LOS ANGELES (KABC) --Los Angeles County Sheriff Jim McDonnell, along with other prominent law and city leaders, spoke out against Proposition 57.
The proposition would allow non-violent prison inmates who have completed their primary sentence to apply for early release. McDonnell, along with Los Angeles County District Attorney Jackie Lacey, said Prop. 57 looks and sounds good, but the summary doesn't match the title.
"The summary says that it applies to non-violent offenders, but the truth of the matter is that the way that it is written, human traffickers - who we're trying hard to get off the streets - would actually be eligible to be released earlier," Lacey said.
McDonnell said some other crimes that are considered non-violent include rape by intoxication and rape of an unconscious person.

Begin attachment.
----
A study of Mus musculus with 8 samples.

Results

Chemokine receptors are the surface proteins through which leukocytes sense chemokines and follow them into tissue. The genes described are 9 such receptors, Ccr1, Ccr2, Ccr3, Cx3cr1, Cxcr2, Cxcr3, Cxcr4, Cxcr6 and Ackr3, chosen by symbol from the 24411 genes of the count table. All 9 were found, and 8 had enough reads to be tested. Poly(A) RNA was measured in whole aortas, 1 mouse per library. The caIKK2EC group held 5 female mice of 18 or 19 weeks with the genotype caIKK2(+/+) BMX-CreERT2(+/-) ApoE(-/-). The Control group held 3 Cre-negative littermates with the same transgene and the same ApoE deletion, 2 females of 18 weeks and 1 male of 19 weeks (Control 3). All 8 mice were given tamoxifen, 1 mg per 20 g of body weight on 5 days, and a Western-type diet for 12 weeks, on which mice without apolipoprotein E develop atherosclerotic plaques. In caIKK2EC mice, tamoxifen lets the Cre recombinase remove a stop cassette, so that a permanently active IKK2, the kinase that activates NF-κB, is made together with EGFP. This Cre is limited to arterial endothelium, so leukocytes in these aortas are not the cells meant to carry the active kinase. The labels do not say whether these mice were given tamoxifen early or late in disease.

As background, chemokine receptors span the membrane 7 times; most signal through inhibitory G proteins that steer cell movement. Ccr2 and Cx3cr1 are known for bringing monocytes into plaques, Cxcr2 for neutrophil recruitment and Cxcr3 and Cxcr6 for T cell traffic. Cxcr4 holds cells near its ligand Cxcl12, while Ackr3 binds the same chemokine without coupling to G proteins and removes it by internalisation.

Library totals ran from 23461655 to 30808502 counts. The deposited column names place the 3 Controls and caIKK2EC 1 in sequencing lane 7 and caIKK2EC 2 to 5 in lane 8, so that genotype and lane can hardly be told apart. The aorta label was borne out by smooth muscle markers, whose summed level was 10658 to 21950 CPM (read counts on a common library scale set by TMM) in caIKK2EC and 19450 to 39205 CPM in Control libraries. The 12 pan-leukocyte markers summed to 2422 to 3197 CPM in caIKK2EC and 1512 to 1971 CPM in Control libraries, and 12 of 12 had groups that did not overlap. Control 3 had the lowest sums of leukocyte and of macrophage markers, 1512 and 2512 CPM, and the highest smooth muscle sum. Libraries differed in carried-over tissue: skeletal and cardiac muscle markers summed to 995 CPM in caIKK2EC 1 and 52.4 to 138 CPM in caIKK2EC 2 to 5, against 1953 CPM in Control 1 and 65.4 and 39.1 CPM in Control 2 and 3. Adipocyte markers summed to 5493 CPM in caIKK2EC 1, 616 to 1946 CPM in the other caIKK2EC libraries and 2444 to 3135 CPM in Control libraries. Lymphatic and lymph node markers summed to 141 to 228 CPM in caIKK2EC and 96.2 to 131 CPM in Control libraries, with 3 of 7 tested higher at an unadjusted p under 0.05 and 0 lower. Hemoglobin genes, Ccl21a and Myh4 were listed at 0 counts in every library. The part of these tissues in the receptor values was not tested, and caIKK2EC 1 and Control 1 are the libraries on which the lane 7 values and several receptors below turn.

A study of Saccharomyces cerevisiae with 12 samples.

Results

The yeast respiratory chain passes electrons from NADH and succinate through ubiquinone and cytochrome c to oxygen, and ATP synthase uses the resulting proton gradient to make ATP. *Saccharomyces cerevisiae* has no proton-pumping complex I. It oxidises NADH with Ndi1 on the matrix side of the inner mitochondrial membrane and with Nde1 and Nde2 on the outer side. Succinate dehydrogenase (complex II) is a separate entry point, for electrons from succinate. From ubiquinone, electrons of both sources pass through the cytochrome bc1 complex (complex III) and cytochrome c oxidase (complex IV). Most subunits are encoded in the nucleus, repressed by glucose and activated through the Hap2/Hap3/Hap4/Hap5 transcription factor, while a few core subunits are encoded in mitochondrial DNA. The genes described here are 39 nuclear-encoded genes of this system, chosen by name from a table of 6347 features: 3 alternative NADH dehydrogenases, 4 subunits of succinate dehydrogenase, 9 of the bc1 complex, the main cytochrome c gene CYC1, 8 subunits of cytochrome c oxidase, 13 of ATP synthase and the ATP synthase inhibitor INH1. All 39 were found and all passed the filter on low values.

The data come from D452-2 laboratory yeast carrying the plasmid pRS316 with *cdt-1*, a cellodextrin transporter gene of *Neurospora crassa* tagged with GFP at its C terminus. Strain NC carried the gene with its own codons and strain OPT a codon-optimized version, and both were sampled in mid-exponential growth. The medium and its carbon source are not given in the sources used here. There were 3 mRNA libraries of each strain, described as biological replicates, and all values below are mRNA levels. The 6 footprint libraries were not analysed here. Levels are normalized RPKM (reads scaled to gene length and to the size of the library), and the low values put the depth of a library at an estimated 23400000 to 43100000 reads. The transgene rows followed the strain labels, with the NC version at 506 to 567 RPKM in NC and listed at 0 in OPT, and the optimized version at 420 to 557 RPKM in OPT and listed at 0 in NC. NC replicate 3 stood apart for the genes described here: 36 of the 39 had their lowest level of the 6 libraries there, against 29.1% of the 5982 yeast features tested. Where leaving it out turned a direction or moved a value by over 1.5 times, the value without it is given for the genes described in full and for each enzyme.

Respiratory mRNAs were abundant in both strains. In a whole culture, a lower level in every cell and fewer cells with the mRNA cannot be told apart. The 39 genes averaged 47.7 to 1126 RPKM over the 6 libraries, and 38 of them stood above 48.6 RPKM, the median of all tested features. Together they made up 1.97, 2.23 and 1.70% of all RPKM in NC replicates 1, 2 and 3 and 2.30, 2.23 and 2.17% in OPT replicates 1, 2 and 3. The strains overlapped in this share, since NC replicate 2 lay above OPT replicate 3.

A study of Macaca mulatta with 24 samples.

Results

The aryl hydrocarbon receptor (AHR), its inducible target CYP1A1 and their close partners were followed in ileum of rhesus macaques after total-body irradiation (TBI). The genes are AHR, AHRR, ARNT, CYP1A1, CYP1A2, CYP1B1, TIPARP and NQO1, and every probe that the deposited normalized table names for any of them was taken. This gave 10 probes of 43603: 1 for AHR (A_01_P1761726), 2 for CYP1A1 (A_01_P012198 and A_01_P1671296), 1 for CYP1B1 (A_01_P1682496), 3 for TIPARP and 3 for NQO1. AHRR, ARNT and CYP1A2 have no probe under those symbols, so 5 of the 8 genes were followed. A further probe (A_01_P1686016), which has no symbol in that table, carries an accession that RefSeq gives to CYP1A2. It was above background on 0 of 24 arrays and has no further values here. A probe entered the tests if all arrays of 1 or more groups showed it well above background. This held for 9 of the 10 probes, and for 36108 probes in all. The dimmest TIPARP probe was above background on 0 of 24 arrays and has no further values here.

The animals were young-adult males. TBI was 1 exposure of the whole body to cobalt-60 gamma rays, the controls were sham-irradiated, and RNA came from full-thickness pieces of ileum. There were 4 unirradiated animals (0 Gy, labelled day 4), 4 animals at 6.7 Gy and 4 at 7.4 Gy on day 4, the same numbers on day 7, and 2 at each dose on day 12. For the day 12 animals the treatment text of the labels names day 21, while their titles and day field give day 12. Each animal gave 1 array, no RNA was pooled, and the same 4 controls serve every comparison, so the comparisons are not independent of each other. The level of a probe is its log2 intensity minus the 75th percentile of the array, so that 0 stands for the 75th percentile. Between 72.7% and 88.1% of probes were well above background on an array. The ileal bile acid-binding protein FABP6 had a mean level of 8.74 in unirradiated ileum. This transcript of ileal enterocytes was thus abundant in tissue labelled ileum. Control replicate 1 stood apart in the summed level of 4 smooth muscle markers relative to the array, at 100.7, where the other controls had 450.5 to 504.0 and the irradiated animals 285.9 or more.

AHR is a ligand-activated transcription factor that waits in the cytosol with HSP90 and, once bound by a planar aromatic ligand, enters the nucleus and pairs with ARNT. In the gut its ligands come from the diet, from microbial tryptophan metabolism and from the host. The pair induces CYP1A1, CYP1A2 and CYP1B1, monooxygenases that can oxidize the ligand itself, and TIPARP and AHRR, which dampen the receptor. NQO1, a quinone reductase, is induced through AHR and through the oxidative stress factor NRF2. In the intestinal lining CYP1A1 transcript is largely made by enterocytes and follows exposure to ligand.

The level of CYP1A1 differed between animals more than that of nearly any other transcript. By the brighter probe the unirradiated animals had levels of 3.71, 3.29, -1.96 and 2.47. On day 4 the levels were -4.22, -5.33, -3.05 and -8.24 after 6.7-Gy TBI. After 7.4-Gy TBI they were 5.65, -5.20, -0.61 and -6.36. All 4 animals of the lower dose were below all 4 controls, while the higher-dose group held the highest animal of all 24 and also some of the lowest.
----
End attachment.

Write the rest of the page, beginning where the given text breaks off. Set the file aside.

Prop. 57 is Gov. Jerry Brown's effort to recalibrate the state's criminal system and is a way to keep the inmate population below the cap set by the Supreme Court. Brown argues inmates eligible for early release would be non-violent and carefully screened.
Those in favor of the measure said it would also save millions of taxpayer dollars and put a system in place for rehabilitation. Brown said it would allow inmates the chance to earn credits in education and for good behavior.
Some Los Angeles County residents said they agree with the proposition.
"I think the jails are so crowded that it's almost necessary to do that in some cases," one woman said.
While others think the initiative is a bad idea that will only increase crime.
"Some of these offenders who are non-violent have a long history of violence," one man said.
The second part of the initiative would also require judges instead of prosecutors to decide whether minors should be prosecuted as adults.